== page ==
I'm just back from the Mazatlán Forum, “Technology and the Future(s) of Education: U.S. and Mexican Perspectives.” For three days and a couple of wonderful extra meals, leaders from education, industry, and academia worked to find a more effective future for students in the United States, Mexico, and the world.

"Education Will Be Cloud Based"

Howard Charney, Senior Vice President, Office of the Chairman and CEO, Cisco Systems, gave a clear message to all of us during the closing keynote: Education will be cloud based — the cloud becomes the repository and the structure of education changes. More broadly he noted, "If you think your area of expertise is going to stay unchanged, you're mistaken and you're going to be out of a job.”

We needed to hear this from someone as well versed in both technology and higher education as Mr. Charney. No one in the room denied that most educational institutions have been static for centuries -- San Jose State being an interesting exception, as per its President's, Mo Qayoumi, opening keynote. We were not as unanimous on universities’ need to change, though that was the argument I made in the first of the faculty presentations. I called for us to lead with a lighter touch (my full presentation is below).

"Lead With a Lighter Touch"

Specifically, I said we need to loosen our grip on our:

  • Degrees: Move to smaller modules that are available when a student needs the knowledge
  • Walls: Offer our modules freely to the world (sometimes free as in "free beer;" but always free as in "free speech")
  • Faculty: It is a rare faculty member who is the best presenter across all the topics in a course. Instead, “faculty” for a course or module should be the best on the topic — just as we select readings written by others, we should select presentations done by others if they will do a better job with the material. This assumes share and share alike in that I need to offer my presentations to others (thus, why we must loosen our grip on our walls first).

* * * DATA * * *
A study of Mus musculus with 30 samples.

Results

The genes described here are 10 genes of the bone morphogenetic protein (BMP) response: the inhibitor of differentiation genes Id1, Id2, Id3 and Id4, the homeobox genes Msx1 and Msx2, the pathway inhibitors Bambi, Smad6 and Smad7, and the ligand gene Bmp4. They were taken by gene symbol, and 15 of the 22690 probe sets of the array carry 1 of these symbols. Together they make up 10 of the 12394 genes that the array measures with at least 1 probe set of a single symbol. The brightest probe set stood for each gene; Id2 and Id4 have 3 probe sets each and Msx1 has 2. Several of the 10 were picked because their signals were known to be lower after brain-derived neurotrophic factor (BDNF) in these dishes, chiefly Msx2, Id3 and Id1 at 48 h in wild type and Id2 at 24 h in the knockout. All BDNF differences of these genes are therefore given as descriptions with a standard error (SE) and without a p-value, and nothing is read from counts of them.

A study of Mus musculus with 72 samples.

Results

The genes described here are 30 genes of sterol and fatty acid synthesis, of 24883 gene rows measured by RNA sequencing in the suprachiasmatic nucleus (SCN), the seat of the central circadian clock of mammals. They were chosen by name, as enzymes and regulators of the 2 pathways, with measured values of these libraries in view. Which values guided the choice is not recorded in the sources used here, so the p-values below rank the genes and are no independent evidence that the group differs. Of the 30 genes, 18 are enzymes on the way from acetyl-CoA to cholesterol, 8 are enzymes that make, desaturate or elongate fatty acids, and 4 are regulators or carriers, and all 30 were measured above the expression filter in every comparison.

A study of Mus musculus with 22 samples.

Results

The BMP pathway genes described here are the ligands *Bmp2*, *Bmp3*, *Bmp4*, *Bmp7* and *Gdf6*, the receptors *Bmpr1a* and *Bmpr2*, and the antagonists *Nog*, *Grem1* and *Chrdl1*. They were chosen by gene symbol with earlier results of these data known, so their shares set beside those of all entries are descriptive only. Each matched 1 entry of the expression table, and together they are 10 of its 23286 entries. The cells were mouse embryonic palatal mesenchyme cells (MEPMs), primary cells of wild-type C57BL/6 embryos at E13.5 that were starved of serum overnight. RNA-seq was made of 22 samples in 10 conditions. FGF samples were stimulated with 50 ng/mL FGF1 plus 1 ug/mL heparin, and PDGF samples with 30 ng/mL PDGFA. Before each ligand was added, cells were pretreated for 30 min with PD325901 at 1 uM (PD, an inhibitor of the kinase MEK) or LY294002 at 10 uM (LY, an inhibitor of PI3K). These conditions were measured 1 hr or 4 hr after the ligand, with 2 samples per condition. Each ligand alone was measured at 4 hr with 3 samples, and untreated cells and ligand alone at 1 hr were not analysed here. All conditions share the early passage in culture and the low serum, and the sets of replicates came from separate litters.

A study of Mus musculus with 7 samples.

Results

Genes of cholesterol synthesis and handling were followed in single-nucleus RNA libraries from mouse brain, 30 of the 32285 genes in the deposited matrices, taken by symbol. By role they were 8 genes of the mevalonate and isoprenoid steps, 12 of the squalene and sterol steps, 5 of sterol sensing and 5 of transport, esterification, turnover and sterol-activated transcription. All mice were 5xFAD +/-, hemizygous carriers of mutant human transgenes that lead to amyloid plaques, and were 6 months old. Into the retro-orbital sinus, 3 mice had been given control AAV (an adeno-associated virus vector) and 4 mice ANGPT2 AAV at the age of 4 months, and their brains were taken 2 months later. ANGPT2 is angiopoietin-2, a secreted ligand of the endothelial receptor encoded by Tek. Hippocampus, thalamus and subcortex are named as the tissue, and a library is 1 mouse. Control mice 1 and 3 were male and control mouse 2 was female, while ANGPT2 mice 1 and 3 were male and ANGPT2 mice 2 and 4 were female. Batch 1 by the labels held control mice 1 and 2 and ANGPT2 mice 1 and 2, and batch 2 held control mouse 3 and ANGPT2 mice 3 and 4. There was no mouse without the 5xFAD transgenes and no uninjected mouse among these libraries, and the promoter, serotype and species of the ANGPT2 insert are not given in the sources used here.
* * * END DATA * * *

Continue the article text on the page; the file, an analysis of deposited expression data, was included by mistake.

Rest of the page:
• Assessments: Faculty-given grades are proxies for student capabilities and not necessarily tied to capabilities organizations are looking for. While we should certainly arrange feedback, organizations or down-stream consumers of student work may be in a better position to assess quality and fit. Educators need to work in partnership with organizations to provide relevant education.

To this last point, one of my colleagues noted that I had a “functional view of education.” To that I replied, "guilty as charged," but that perhaps my view of functional is not as siloed as might be expected. Ethics, self-understanding, critical-thinking, etc. are things organizations want as well.

Don't Let Learning Flatline

Rather than offering lumpy four and two year degrees (for that approach I showed two heartbeats and then a flat-line), we should find ways to provide knowledge when a person needs it (depicted by an on-going heartbeat). The cloud lets the material be always accessible, and then frees faculty to prepare other material rather than repetitively teaching the same topics. More topics go into the cloud and educators spend their non-authoring time coaching, responding, and challenging.

Mosaics are More Nuanced

This last is how I brought us back to the idea of a mosaic of education. Mosaics are not linear, but rather filled in by small pieces (in some cases as small as 5000 piece per square inch). If we think of capabilities being gained over the course of a lifetime — especially if today’s new employees will have 20+ different jobs in their careers — the mosaic form of education allows us to respond to changing needs.

This is a message I’ve shared before, but rarely in a room with so many in positions to take action. I look forward to what the future brings.